How to learn ochem

This is post I made on Yahoo!Answers to a question about learning organic chemistry. I have answered this or similar questions many times.

I am gathering data on how students learn ochem. I believe a common method is simple pattern matching. It is easy to do and doesn't require great effort. The problem develops as the matrix of answers grows beyond a certain level. It is at this point that I often heard, "I am so lost". That is, the students are saying there are more answers than they can connect simply by memory.

There is a solution to this, logic. Our brains can connect information together if it is based upon earlier principles. Such a method of thinking is logic. Reading and writing is constructed in this way. If you needed to learn the Gettysburg address, you would know this. You would know this because if I gave it to you in another language, it would either be much much harder or impossible depending on the similarity to a language you already knew. The intellectual connection is that the phrases create meaning, the words create phrases, the letters create words, and the shapes create letters. If you didn't know Chinese, and I asked you to learn the Gettysburg address in Chinese, it would be impossible because no logic for connecting the shapes would exist. It would be like trying to draw a Jackson Pollack painting from memory.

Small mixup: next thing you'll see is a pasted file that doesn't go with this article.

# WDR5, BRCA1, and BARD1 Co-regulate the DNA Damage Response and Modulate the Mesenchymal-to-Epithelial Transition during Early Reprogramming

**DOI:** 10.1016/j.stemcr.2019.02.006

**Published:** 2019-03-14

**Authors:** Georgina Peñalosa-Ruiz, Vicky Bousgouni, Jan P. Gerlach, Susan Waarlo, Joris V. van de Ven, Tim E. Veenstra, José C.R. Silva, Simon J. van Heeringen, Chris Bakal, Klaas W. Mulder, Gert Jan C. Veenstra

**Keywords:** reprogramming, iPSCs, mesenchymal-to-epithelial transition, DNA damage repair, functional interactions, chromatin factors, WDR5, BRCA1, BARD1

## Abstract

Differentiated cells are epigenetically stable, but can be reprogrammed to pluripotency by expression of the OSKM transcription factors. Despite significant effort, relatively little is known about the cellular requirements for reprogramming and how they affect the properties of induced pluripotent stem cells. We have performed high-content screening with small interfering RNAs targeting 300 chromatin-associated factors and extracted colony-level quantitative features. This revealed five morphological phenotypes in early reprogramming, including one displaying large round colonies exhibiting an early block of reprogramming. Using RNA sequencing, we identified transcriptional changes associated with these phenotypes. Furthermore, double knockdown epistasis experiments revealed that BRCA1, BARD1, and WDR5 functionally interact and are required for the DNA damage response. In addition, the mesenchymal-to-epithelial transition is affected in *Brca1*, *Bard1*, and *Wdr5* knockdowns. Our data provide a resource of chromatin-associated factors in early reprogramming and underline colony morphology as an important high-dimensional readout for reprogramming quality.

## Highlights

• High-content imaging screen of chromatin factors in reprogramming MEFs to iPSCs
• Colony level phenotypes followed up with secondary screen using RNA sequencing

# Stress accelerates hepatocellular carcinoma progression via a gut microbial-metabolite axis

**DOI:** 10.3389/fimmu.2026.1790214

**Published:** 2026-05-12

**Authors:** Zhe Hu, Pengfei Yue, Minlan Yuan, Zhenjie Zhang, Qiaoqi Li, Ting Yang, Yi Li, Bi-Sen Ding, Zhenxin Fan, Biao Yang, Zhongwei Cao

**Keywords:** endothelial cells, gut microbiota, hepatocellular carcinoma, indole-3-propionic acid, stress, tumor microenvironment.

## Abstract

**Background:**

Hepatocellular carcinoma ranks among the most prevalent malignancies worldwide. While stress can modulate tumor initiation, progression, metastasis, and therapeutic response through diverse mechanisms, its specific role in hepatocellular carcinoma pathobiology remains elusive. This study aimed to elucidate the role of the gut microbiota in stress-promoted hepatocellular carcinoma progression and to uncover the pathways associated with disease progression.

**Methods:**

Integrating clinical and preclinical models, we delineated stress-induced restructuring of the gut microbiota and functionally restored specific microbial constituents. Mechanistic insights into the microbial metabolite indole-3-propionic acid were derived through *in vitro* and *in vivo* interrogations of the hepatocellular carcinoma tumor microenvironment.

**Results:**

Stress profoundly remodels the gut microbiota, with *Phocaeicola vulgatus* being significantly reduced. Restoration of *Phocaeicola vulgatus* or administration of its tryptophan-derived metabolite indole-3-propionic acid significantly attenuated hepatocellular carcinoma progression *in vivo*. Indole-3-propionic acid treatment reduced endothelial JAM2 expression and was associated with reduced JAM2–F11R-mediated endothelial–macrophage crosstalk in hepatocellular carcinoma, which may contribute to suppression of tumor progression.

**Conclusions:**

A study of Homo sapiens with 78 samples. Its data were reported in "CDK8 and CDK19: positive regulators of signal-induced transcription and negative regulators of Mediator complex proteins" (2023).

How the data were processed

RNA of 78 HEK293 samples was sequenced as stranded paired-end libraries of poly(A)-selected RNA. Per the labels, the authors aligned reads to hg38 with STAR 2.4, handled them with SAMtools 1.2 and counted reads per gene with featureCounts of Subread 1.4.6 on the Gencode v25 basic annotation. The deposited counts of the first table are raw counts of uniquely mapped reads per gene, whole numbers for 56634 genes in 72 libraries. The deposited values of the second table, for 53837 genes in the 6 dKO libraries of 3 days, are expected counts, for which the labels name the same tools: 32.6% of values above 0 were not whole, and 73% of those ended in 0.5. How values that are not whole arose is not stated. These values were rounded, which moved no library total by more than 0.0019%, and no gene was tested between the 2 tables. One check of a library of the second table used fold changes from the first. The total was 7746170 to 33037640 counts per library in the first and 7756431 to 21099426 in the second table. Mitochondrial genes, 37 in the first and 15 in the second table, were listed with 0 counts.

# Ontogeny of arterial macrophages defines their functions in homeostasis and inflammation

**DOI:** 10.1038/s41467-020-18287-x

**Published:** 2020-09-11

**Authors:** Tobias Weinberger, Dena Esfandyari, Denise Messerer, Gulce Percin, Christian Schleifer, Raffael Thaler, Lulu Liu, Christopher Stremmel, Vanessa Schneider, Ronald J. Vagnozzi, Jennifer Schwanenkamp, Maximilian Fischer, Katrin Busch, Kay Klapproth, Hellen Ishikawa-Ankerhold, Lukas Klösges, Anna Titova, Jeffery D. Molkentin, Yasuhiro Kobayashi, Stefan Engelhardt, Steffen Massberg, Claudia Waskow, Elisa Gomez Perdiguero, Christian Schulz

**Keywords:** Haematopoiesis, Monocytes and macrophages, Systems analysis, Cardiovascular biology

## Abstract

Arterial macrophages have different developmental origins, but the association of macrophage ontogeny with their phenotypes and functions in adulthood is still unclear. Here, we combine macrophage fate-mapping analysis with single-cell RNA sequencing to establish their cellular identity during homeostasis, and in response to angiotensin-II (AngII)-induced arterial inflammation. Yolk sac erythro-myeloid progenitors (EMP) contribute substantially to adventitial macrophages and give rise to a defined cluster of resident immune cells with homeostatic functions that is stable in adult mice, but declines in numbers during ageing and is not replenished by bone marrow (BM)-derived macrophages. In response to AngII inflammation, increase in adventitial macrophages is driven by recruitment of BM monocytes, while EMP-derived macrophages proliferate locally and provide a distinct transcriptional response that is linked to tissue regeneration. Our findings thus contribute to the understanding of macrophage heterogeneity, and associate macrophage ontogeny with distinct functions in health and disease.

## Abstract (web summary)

The chemical equivalent of logic is reaction mechanisms. Students would ask me how many mechanisms did they need to know. I would answer only the number that you wish to answer on the exams. I have not found this to be a problem as reaction mechanisms are constructed on similarity to other mechanisms. It never happens that you would learn one mechanism that did not rely on principles you had learned earlier (Markovnikov addition is a family of similar reactions). You can read how students have done in my classes on my website.

Disclaimer, I am the author of "A Guide to Organic Chemistry Mechanisms" (, Barnes and Noble or ).